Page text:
Frank Sulloway - The Birth Order Effect

Take any revolution and explain why some people dismiss it out of hand while others embrace it tenaciously. In terms of scientific revolutions, this is even more difficult to explain, since the evidence to support or demerit any new theory is publicly available to dissenters and assenters alike. If the evidence is the same for everyone, why do people sometimes draw polar opposite conclusions? This was the puzzle that Frank Sulloway set out to solve many years ago, and after researching historical records and amounting a massive collection of independently rated points for a great number of possible variables over a quarter of a century, he discovered that the foremost engine of historical change is, believe it or not, birth order, with first-borns defending the status quo and siblings later rebelling against it.

Contrary to conventional wisdom, families aren't homogeneous environments in which siblings face the same pressures. In the always present competition for resources and parental investment, siblings occupy different ecological niches within the same family, each attempting to maximize his or her own self-interests. Having once experienced the sweet taste of complete parental devotion, and attempting to return to that golden age after having to regretfully share with younger siblings, first-borns tend be territorial, conservative defenders of the status quo, industrious, dedicated and more intelligent. Later-borns, on the other hand, tend to rebel against authority, become more revolutionary, have more open minds and express themselves more creatively.

When it comes to revolutions, whether they be social, political, scientific or religious, later-borns tend to favor the new paradigms, while their older counterparts tend to reject them. If you categorize revolutions as radically ideological (Copernicus, Darwin), technical (Newton, Einstein), controversial (Phrenology) and conservative (Eugenics), later-borns tend to support the first three, while first-borns tend to support conservative revolutions. The implication is fascinating: even when first-borns carry the torch of revolution, their revolutions tend to be conservative and reaffirm the status quo...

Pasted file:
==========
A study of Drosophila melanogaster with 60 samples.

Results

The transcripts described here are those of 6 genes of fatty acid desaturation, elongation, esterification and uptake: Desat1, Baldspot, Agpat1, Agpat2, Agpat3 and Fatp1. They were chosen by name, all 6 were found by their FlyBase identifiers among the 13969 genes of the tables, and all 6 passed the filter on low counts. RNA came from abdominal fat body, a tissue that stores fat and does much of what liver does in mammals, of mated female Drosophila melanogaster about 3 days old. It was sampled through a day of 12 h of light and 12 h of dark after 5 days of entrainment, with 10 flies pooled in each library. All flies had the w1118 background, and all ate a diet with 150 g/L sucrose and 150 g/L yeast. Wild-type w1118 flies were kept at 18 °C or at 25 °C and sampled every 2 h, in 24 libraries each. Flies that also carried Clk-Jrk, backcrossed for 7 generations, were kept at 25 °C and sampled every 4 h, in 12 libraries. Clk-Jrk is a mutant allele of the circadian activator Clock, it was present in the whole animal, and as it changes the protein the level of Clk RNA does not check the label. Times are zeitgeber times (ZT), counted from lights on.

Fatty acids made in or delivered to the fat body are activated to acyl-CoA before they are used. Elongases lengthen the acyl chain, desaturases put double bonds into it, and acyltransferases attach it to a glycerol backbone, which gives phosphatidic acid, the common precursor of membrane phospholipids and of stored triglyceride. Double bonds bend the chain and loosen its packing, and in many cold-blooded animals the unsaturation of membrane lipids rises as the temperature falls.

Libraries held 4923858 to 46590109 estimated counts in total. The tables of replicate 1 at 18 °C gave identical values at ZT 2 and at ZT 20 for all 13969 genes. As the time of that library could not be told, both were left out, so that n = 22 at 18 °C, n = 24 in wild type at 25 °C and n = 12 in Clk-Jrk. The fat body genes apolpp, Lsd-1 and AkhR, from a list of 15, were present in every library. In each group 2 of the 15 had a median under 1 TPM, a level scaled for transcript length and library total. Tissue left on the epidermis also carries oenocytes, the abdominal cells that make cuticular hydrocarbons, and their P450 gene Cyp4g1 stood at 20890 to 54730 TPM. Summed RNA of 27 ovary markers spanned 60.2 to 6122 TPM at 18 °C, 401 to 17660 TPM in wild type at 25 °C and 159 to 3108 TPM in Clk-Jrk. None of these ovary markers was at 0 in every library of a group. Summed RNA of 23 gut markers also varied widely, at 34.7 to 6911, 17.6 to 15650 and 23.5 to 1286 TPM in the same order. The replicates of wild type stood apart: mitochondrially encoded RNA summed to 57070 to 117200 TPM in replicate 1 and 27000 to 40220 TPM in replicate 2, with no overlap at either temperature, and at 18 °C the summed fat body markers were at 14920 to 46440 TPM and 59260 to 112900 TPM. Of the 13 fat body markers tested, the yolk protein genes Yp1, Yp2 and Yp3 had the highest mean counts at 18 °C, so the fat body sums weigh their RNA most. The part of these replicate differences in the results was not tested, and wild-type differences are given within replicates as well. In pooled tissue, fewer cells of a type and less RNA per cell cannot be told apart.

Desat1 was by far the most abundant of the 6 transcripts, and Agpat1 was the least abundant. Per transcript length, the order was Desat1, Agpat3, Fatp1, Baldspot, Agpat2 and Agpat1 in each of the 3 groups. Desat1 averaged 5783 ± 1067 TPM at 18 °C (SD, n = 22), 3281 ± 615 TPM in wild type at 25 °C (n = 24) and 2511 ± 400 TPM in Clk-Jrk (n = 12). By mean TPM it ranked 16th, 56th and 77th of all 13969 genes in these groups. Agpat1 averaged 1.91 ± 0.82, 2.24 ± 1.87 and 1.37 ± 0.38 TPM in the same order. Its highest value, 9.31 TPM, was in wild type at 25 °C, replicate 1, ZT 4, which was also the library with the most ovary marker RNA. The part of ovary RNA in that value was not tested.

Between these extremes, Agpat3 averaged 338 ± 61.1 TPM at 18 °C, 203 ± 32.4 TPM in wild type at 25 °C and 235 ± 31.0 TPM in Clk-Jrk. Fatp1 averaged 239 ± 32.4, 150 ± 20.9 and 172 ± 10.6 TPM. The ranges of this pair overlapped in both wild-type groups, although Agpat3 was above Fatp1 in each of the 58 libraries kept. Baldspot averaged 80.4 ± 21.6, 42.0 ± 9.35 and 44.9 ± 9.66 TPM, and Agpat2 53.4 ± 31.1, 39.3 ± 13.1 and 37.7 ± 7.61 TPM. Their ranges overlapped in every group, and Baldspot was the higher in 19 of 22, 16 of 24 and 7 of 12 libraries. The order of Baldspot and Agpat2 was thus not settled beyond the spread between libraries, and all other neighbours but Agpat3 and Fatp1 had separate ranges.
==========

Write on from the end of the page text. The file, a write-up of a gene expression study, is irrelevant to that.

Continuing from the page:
His book, Born to Rebel, is one of the most interesting works I have ever read. Not only does he provide ample evidence supporting his evolutionary hypothesis, he analyzes a great number of historical figures from all walks of life and demonstrates time after time that birth order is playing a major role in their dispositions toward acceptance or rejection of different paradigms. Most interesting of all is how seeming exceptions, such as first-born Galileo, actually help further confirm Sulloway's insights into the effects of birth order.

The video below shows an elucidating conversation between Frank Sulloway and Charlie Rose, in which they discuss the fascinating effects of birth order. By the way, Sulloway looks way different from what I had imagined when I originally read his work a few years ago...

If you don't want to get all technical, however, you can see Sulloway being interviewed by Stephen Colbert:

The Colbert ReportMon - Thurs 11:30pm / 10:30c
Frank Sulloway
Colbert Report Full Episodes2010 ElectionFox News

When I think of my own case, I tend to fear that although I heartily accept evolution, Nietzsche and a Humean bundle theory of mind, maybe it is my biological first-born status that might be what holds me back from fully embracing the strange world of quantum mechanics, string theory and dialetheistic paraconsistent logic, as explored by Australian philosopher Graham Priest in his book Beyond the Limits of Thought.

Then again, would the fact that I do find these ideas fascinating, and agree with Sulloway's radical conclusions, make me a functional later-born?